Vernamfield lands to go into housing
The Government is to give up a portion of the Vernamfield lands in Clarendon to be used for housing, a move which Dr Omar Davies, the minister of transport, works and housing, said will not have an adverse impact on plans to construct a cargo airport in the area.
"The technical analysis is that the land which was meant for housing, which had been reassigned for possible realignment, was no longer needed for possible realignment," Davies said in Parliament last week.
"The original site was under discussion and would have precluded the completion of a housing scheme. I was told that the site was no longer needed and so they are going to release the land back for housing," he added.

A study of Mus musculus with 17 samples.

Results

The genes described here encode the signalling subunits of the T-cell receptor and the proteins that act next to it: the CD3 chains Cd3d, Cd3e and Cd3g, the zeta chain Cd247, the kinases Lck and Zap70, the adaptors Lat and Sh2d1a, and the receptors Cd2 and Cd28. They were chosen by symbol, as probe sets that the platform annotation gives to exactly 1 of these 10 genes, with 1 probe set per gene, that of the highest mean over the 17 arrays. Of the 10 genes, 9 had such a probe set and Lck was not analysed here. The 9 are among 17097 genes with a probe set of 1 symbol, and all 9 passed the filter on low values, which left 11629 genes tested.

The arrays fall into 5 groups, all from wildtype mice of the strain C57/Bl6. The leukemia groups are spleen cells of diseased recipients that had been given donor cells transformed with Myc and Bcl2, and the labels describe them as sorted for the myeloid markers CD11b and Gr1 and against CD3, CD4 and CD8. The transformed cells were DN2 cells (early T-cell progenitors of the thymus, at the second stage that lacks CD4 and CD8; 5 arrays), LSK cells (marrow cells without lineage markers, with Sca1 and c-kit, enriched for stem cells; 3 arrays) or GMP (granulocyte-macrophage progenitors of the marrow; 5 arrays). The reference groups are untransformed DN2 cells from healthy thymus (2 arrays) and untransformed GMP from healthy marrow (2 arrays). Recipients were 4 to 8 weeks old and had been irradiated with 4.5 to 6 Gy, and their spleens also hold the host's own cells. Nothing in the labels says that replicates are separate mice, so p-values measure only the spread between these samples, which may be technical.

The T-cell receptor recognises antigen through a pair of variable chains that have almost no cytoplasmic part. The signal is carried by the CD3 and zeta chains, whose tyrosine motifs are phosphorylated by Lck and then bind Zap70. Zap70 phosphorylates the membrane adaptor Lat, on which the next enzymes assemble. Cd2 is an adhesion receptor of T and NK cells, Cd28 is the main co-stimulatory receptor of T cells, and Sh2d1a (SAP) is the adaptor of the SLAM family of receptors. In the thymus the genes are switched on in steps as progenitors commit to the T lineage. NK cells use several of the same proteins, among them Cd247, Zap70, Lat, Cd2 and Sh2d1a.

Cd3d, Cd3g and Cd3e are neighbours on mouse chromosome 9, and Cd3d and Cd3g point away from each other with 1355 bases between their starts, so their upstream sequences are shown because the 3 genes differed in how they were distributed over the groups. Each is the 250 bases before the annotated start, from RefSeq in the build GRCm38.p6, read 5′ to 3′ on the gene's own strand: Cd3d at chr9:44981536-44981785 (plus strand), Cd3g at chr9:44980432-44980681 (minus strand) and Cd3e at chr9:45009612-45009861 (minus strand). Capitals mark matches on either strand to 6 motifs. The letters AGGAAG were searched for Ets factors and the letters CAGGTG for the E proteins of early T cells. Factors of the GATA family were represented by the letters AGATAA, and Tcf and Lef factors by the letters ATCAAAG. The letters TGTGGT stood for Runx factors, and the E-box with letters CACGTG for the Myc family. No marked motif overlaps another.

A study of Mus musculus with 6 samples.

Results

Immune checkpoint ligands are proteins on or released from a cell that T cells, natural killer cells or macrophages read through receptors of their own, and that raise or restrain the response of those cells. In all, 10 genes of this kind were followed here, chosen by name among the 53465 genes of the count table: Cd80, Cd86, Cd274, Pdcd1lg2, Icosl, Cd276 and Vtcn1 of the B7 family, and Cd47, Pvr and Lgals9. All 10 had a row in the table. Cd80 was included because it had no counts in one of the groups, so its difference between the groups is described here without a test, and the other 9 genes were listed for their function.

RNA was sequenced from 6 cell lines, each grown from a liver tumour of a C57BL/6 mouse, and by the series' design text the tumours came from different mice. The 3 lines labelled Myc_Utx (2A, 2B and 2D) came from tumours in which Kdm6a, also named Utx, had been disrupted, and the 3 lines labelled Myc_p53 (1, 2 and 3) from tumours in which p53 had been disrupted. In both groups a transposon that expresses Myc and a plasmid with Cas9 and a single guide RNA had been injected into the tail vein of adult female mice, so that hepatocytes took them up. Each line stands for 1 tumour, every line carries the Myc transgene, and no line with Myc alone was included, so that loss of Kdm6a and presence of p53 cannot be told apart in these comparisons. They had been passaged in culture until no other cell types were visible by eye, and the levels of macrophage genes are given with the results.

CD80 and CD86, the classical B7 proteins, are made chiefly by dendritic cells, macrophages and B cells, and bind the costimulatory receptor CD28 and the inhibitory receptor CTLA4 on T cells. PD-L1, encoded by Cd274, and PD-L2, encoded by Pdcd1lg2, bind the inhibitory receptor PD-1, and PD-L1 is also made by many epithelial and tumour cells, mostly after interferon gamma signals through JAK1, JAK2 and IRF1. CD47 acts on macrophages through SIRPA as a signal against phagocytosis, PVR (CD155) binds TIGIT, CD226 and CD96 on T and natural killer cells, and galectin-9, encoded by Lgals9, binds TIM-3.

Central Clarendon Member of Parliament Mike Henry has been pushing for the Vernamfield lands to be used for the development of an airport. Henry said that a plan approved by the Cabinet in 2009 involved creating a green-energy airport which would be part of a logistics hub.
Meanwhile, Minister Davies said the Government will not be spending any additional funds on the expansion of the Ian Fleming Airport in St Mary to allow it to receive the American Eagle-type aircraft.
"The Government of Jamaica will not be doing that. I have heard rumours, indications of persons to present to me an unsolicited proposal. None had been forthcoming, we are open to it," Davies said.
He said, too, that his information is that there are parties who are "ready and waiting to present" the unsolicited proposal.
Henry said that if expanded, Ian Fleming could be made into a hub that could service the southern parts of the United States and open up the north-east coast of Jamaica to tourism.